Modern-day prophetic speculation lives and breathes off the promise that prophetic events are always near. They take prophecies that the Bible says were soon to be fulfilled for first-century readers and reshape them to fit contemporary headlines. As a result, we are always living on the precipice of some near end-time event. This is why modern-day prophecy books sell by the millions. Few people want to know what happened prophetically two thousand years ago, but they do want to know what’s going to happen in the next few days. And it doesn’t seem to matter that prophecy books are revised every few years to fit the latest headlines. The latest example is the revision of John Walvoord’s Armageddon, Oil, and the Middle East Crisis. Even though Walvoord died in 2002, his book is being given new life with a slightly revised title by its new co-author Mark Hitchcock—Armageddon, Oil, and Terror. The book was first published in 1974 in an attempt to explain what the latest in “prophetic events,” the OPEC oil crisis. Walvoord wrote, “Each day’s headlines raise new questions concerning what the future holds.” The book was reprinted in 1976 and then sank without a trace until a revised edition appeared in late 1990 when the six-month build-up for the Gulf War was in its final stages. The new edition reflected changing world events:
The world today is like a stage being set for a great drama. The major actors are already in the wings waiting for their moment in history. The main stage props are already in place. The prophetic play is about to begin. . . . Our present world is well prepared for the beginning of the prophetic drama that will lead to Armageddon. Since the stage is set for this dramatic climax of the age, it must mean that Christ’s coming for his own is very near.
When the Gulf War ended abruptly, the book was being remaindered for twenty-five cents a copy, if it was bought by the case! Once again, Walvoord’s prophetic speculation proved inaccurate. This did not stop Tyndale House Publishers from releasing this third edition with the revised title and content to reflect a change in headlines. The promotion material assures us that its content “is as current as today’s news . . . and every prediction rings true.” Where have we heard this before?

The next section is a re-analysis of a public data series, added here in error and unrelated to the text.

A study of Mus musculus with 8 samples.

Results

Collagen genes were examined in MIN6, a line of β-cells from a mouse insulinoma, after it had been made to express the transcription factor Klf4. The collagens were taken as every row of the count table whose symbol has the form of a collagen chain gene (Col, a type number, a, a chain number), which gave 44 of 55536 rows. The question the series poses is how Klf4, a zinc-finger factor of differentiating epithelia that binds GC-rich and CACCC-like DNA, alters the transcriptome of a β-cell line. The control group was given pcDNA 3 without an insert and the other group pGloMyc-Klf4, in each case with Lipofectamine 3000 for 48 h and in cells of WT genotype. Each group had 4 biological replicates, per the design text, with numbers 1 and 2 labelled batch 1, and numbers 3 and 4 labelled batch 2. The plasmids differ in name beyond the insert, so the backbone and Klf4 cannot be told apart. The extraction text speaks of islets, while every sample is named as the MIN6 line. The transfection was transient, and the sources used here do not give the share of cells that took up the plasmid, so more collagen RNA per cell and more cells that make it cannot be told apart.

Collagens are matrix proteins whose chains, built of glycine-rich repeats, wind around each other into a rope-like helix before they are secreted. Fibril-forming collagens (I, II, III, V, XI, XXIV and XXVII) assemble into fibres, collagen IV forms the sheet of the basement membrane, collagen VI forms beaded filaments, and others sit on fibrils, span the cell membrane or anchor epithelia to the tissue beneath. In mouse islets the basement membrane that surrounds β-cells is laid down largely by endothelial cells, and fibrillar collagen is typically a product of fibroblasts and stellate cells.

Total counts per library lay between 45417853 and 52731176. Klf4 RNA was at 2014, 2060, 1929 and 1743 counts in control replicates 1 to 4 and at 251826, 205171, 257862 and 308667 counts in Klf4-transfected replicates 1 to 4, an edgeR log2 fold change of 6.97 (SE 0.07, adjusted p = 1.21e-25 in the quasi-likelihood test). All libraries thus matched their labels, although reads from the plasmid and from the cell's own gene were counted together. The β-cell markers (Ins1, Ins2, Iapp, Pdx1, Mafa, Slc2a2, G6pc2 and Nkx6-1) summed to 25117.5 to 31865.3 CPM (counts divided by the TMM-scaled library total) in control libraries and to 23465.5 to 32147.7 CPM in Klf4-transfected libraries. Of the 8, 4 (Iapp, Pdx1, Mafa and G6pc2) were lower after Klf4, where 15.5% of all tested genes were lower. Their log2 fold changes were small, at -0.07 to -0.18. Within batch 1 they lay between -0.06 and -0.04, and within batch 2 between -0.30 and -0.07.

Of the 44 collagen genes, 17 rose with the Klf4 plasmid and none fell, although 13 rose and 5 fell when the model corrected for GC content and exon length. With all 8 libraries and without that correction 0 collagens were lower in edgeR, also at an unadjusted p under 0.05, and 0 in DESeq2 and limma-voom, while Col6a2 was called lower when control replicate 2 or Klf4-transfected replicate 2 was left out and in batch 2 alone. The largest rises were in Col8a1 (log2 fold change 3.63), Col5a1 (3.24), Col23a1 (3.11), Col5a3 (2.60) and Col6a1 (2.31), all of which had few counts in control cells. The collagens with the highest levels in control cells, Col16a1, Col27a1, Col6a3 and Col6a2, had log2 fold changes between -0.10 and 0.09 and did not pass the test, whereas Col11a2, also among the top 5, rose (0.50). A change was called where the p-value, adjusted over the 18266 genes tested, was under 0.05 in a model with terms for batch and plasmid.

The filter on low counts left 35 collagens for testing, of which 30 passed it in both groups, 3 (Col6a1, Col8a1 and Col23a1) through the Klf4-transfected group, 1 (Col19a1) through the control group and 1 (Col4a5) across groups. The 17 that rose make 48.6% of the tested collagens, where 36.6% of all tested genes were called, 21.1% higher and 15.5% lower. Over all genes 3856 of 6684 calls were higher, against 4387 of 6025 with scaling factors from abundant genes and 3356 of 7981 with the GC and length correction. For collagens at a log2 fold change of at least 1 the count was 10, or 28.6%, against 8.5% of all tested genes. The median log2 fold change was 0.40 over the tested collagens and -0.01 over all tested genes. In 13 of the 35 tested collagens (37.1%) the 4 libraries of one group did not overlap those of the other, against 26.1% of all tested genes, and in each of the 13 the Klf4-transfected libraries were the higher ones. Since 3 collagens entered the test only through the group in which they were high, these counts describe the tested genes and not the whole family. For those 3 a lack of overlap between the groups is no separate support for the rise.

Walvoord claimed in 1990 that “Christ’s coming for his own is very near.” The New Testament, written nearly 2000 years ago, said that Christ’s coming was “near” (James 5:8–9; Rev. 1:3). In his September 16, 2001, International Intelligence Briefing Report, aired on the Trinity Broadcasting Network, Hal Lindsey told viewers: “Tuesday, September 11, 2001, the end began. . . . The events, even of this week, show us that we’re very near the end. The whole predicted scenario is fulfilled right before our eyes. All the pieces of that predicted puzzle that would indicate Christ’s coming was just around the corner are in place. . . . I believe that, right now, we need to focus on the great hope that we have that Jesus Christ is soon coming and [is] going to translate [rapture] us from mortal to immortal.” This is the same Hal Lindsey who assured his readers in the 1970 publication of Late Great Planet Earth that Jesus would rapture His church before 1988. He’s the same “prophecy expert” who claimed in his The 1980’s: Countdown to Armageddon that “The decade of the 1980’s could very well be the last decade of history as we know it.” You would think that these errors in predicting the end would have been enough for Christians to rethink the basic tenets of dispensationalism.
Notice how Lindsey, like Walvoord, uses the time words “near,” “around the corner,” and “soon” to describe events that will take place shortly. Every person who reads their choice of time words knows exactly what “near,” “soon,” and “just around the corner.” Yet when these same time words are used in the Bible, all of a sudden they take on a mystical, non-literal meaning. John writes, “for the time is near” (Rev. 1:3). Why doesn’t John’s “near” mean the same as Walvoord and Lindsey’s “near”? Why didn’t the use of “the Judge is standing right at the door” (James 5:8–9) mean the same as Lindsey’s “just around the corner” to those who first read James’ letter?
The latest entry into prophetic speculation is John MacArthur’s Because the Time is Near. He writes in the Introduction:
As noted on page 332, the book of Revelation deserves immediate proclamation because the end is near. As the angel told John in the final chapter of Revelation, “Do not seal up the words of the prophecy of this book for the time is near.” (22:10). And so we study Christ’s future return—a return Jesus Himself says is imminent (22:7, 12, 20).
Does MacArthur’s “near” mean the same as the Bible’s “near”? Remember that John received the Revelation in the first century. What did its first readers understand by “near”? These would be good questions to ask him. Drop MacArthur a line and let me know if he responds. For the first ten people who get a response, I’ll send you some free books.